Once one of the most lawless parts of Britain, the so-called Debatable Land, on the English-Scottish border, is now a fascinating destination for anyone with an interest in history and legend
If you were visiting the region just north of Hadrian’s Wall 500 years ago, you might well think you’d stepped straight into the Wild West. This particular stretch of land wasn't big - from the Solway Firth, around 20 miles long and 3.5 miles wide - but it’s gone down in history as one of the most lawless places Britain has ever seen.
The Debatable Land, so-called because of the long-standing territorial feud between England and Scotland, was a grim, treacherous place, where marauding hordes terrorised their neighbours and each other on a daily basis. These murderous clans, known as the border reivers (or raiders) paid allegiance to no one but themselves and their families, and plundered when the mood took them. Not for them the daily grind: they stole what they needed and, while they wouldn’t necessarily kill their own granny, they wouldn’t think twice about killing yours.
It wasn’t until 1603, when James VI of Scotland took hold of the English throne, that the reivers were kicked out, many of them shipped off to Ireland or to the Netherlands, where they were used as cannon fodder in the Dutch fight against the Spanish. Some became pit men in Northumberland and Durham, while others emigrated to Australia and America.
The reivers’ legacy remains in the region’s architecture, culture and family names — the Armstrongs, Douglases, Grahams, Kerrs, Maxwells, Nixons and Robsons. In fact, three famous Americans - astronaut Neil Armstrong, evangelist Billy Graham and former president Richard (“I’m not a crook”) Nixon - are direct descendants.
Today, of course, you’re unlikely to be accosted by psychopathic locals and if you’re visiting Hadrian’s Wall, it’s well worth venturing northwards.
The small village of Bewcastle, set high on the remote fells beyond Brampton in North Cumbria, is surrounded by some of the most rugged and windswept countryside in England and was the scene of many a heinous crime during the reivers’ reign. It’s also steeped in Arthurian legend, with a church that dates back to 1277 and one of the finest Anglo-Saxon stone crosses in Britain, thought to have been made between 700 and 800AD and covered in runic inscriptions and references to King Alcfrith.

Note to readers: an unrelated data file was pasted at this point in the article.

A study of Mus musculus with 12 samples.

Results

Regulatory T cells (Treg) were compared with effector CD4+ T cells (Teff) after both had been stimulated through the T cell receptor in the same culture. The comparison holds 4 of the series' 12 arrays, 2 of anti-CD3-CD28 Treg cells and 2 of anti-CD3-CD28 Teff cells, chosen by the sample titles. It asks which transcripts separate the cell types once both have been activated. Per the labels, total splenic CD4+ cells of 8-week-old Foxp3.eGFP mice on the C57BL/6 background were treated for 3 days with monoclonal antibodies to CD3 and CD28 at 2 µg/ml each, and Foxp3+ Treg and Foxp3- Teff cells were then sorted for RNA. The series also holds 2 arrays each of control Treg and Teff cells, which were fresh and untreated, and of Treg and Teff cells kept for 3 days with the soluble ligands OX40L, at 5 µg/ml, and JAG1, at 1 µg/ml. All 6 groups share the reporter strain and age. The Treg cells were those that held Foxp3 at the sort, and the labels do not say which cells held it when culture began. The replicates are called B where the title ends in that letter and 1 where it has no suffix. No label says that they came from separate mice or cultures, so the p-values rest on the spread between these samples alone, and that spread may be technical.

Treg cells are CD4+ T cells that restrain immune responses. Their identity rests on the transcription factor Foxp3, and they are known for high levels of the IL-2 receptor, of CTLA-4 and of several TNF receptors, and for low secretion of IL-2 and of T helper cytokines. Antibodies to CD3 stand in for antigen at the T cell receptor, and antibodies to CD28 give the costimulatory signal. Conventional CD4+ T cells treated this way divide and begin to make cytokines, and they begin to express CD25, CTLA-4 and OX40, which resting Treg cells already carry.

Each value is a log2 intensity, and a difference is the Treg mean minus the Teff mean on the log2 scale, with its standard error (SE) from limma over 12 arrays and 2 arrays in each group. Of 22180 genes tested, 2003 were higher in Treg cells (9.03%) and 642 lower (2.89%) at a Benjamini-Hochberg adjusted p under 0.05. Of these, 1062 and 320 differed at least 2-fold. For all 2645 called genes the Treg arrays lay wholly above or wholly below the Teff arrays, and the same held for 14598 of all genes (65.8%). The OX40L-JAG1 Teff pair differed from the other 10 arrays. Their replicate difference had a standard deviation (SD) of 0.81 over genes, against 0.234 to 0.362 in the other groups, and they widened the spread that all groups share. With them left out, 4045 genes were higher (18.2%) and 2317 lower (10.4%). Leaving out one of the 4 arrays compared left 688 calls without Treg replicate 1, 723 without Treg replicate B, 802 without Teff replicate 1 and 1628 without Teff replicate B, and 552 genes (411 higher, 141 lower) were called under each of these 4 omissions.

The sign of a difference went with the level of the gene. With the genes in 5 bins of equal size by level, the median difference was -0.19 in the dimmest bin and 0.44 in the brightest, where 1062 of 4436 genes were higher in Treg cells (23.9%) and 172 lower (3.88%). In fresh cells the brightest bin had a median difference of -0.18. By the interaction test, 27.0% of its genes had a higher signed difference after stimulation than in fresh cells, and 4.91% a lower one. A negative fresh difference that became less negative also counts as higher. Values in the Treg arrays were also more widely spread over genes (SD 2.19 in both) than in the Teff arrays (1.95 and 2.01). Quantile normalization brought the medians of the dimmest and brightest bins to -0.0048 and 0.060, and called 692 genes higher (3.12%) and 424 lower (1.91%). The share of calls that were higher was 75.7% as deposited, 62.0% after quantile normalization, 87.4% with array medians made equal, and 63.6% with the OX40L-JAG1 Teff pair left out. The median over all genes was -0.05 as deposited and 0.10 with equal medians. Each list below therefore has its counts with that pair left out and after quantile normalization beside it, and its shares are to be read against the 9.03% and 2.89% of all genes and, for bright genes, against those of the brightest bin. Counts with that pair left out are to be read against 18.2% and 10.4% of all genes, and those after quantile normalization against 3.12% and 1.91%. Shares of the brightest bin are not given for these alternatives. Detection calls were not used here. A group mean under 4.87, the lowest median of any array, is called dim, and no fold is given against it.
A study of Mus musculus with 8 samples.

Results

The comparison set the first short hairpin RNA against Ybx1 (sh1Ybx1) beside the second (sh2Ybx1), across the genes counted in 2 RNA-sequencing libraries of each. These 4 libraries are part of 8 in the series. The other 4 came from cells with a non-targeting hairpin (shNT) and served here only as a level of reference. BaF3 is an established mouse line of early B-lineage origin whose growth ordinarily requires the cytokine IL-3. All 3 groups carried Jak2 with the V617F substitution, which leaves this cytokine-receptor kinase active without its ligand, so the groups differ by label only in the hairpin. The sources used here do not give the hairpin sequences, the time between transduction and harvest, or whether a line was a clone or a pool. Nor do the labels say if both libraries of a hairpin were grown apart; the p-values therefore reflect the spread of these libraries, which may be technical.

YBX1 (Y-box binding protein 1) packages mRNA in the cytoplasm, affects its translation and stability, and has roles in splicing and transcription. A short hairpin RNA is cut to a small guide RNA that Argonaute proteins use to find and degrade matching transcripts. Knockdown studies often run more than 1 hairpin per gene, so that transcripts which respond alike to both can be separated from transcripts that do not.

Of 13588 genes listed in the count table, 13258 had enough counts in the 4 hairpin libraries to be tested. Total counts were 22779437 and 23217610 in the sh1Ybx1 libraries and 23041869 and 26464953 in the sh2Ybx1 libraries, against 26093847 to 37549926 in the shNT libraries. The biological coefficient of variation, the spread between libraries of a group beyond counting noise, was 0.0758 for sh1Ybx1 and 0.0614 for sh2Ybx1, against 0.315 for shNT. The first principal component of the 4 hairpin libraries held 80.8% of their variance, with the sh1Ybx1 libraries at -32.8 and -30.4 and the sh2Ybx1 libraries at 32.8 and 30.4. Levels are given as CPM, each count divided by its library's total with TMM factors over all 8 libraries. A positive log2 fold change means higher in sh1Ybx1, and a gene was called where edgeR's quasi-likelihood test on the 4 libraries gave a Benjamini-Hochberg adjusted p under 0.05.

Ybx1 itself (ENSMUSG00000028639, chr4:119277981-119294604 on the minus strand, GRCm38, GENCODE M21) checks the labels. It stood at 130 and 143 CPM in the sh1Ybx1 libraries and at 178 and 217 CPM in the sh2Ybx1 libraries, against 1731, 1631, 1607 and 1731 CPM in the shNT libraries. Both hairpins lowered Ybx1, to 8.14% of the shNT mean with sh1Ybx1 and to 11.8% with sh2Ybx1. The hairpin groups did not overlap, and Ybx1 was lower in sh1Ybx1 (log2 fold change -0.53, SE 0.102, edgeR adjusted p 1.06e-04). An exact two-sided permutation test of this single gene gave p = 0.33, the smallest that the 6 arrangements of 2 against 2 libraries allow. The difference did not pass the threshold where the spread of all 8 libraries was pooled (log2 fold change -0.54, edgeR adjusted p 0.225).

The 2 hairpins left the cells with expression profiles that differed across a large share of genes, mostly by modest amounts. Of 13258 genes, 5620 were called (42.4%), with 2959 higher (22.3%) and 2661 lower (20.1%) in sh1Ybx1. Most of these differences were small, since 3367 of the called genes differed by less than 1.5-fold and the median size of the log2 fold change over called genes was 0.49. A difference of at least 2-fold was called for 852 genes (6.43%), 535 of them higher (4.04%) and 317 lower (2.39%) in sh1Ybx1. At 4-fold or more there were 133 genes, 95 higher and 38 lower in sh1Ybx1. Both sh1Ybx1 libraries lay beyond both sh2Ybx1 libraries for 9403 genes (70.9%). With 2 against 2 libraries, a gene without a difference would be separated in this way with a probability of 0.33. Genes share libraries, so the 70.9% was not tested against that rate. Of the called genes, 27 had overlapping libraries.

East of Longtown, in the rolling hills of the North Pennines, you’ll find some of the best-preserved parts of Hadrian’s Wall, most notably at Birdoswald Fort, which served as a base for over 1,000 Roman soldiers.
In 1542, the Battle of Solway Moss took place just outside Longtown, when nearly 15,000 rampaging Scots were laid to waste in less than an hour by a force of just 800 men, most of them reivers. Only a few thousand made it back home across the border, some of those coming to a grizzly end at the hands of the Graham family, the most bloodthirsty reiver clan of the lot.
Six miles south of Longtown is Carlisle, once a Roman settlement serving the forts along Hadrian’s Wall. The city has been passed from Scottish to English hands and back again over the centuries and, although it is sometimes overlooked by tourists, it makes an interesting pit stop. It’s also the starting point for the 72-mile train ride down to Settle in North Yorkshire, one of Britain’s most picturesque rail routes.
Carlisle’s imposing castle was founded in 1092 by William the Conqueror’s son and is where Mary Queen of Scots was imprisoned in 1568. The Prior's Tower in Carlisle Cathedral is a good example of a pele (pronounced peel) tower, which the more well-to-do reivers built all over Cumbria to keep out other undesirables. These squat stone towers usually had three floors, the ground floor being taken up by livestock and the upper floors used as the living area and a lookout.
Most of the towers were destroyed or converted into stately homes but you can still see other good examples at Aydon Castle near Hexham, Lanercost Priory and Muncaster Castle.